I don’t mean to sound belligerent, but I feel compelled to emphasize that I love Champagne and sparkling wines too much to ever consign them to the scrap heap of obligation. I drink them year round, with all sorts of foods, for any occasion, but more important, for no occasion at all. An estimated 40 percent of Champagne is sold leading into the holidays, according to the Champagne Bureau, a trade association, but that does not mean we all must abide by the nonsense of restricting sparkling wines to end-of-the-year gatherings and celebrations.The plain fact is that Champagne is one of the world’s most versatile and pleasing wines. That’s another crucial point: Champagne is a wine, though this may not be obvious to some, and it needs to be thought of in that context. Too often, sparkling wines are set apart, as if they were a valued set of cuff links brought out only for special occasions, then returned to their plush box. But Champagne goes wherever other wines are capable of going, whenever, with ease. Now, I love all sorts of Champagnes, but I especially treasure Blanc de Blanc, the finest, most delicate of all. Most Champagnes are blends of three grapes: Pinot Noir Pinot Meunier and Chardonnay, but Blanc de Blanc is made solely of Chardonnay.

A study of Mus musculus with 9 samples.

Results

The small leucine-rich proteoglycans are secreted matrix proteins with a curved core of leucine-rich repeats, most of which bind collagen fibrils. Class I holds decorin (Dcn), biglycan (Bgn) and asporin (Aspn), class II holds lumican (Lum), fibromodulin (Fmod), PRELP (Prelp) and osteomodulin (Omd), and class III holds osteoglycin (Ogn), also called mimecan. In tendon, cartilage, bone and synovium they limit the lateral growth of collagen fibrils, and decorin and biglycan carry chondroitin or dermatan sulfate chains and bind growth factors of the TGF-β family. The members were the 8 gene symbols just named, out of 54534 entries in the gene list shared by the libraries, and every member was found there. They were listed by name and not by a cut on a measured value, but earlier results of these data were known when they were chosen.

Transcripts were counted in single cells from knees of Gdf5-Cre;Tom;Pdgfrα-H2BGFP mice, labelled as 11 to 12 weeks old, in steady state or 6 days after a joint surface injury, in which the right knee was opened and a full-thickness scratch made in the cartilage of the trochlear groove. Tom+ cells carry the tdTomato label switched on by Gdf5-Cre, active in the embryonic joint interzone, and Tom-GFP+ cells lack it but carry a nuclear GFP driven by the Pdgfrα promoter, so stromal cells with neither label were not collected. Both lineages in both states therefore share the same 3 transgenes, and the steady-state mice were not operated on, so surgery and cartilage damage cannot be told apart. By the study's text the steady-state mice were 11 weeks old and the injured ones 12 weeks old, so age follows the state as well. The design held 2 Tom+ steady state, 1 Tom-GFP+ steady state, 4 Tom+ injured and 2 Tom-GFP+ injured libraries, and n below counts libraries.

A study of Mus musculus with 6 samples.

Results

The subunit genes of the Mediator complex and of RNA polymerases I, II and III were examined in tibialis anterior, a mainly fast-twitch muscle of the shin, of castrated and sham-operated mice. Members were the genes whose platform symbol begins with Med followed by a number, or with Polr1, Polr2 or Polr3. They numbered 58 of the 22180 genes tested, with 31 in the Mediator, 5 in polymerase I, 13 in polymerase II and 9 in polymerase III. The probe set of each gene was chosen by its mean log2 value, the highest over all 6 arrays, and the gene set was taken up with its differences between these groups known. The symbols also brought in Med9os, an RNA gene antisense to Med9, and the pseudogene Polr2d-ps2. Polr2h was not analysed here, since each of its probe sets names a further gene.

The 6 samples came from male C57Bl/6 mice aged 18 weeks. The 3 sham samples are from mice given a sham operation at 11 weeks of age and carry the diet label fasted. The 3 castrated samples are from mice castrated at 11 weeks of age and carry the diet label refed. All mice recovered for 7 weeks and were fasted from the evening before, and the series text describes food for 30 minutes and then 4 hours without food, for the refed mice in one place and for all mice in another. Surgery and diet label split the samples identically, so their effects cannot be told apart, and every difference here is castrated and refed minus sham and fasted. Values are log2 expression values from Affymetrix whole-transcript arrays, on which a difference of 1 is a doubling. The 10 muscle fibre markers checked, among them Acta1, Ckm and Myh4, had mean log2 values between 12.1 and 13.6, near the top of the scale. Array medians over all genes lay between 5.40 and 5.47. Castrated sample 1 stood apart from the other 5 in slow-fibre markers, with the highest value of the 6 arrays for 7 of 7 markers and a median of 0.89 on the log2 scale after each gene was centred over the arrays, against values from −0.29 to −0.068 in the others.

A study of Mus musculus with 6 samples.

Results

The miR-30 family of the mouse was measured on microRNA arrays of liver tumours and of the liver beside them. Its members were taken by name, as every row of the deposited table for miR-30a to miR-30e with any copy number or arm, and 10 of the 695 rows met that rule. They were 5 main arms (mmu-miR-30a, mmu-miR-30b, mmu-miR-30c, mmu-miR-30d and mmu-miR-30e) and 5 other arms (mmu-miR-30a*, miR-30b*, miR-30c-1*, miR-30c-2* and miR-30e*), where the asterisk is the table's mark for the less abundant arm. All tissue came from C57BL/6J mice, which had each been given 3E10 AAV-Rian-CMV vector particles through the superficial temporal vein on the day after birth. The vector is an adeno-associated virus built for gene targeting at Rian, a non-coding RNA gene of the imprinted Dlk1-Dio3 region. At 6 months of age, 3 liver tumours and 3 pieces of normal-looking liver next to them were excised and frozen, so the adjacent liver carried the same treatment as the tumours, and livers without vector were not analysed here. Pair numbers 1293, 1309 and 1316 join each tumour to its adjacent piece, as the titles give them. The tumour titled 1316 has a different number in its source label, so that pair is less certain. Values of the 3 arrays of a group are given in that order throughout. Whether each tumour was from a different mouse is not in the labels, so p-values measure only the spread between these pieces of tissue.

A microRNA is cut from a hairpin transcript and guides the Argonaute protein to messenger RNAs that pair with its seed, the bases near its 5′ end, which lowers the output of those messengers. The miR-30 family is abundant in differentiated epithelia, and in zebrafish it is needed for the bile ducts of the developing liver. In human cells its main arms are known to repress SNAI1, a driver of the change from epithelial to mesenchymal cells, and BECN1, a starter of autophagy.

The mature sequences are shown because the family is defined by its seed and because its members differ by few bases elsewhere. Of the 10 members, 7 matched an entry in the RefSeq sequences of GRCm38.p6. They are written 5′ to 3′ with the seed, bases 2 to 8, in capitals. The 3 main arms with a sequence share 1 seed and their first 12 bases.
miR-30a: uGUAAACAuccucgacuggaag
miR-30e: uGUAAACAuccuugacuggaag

One of reason I enjoy Blanc de Blanc is that I drink much of my Champagne as aperitifs, and most Blanc de Blanc Champagnes, usually lighter and more elegant than other styles, are ideal before-dinner wines.  For those of you who love caviar, Blanc de Blanc Champagnes are perfect, never too heavy to obscure the delicate flavour of the fish eggs.  Sushi lovers:  Blanc de Blanc Champagnes again are the ideal match. You can even dumb it all the way down and enjoy a glass of fizz with pizza. Try a glass of Blanc de Blanc with a seafood pizza, you may be surprised how little of the bottle is left by the end of the pizza.

Helen’s Hill 2012 “Roma’s Grace” Blanc de Blanc

Our 2012 Blanc de Blanc is a pure and very satisfying expression of Chardonnay; the Brut has been aged for three years on its yeast and has a modest dosage of 6 g/l. The floral aromas are complimented by an autolytic yeastiness and yellow fruits on the palate. Linear and focused, yet not without an attractive depth of flavour, the wine has a long mineral finish.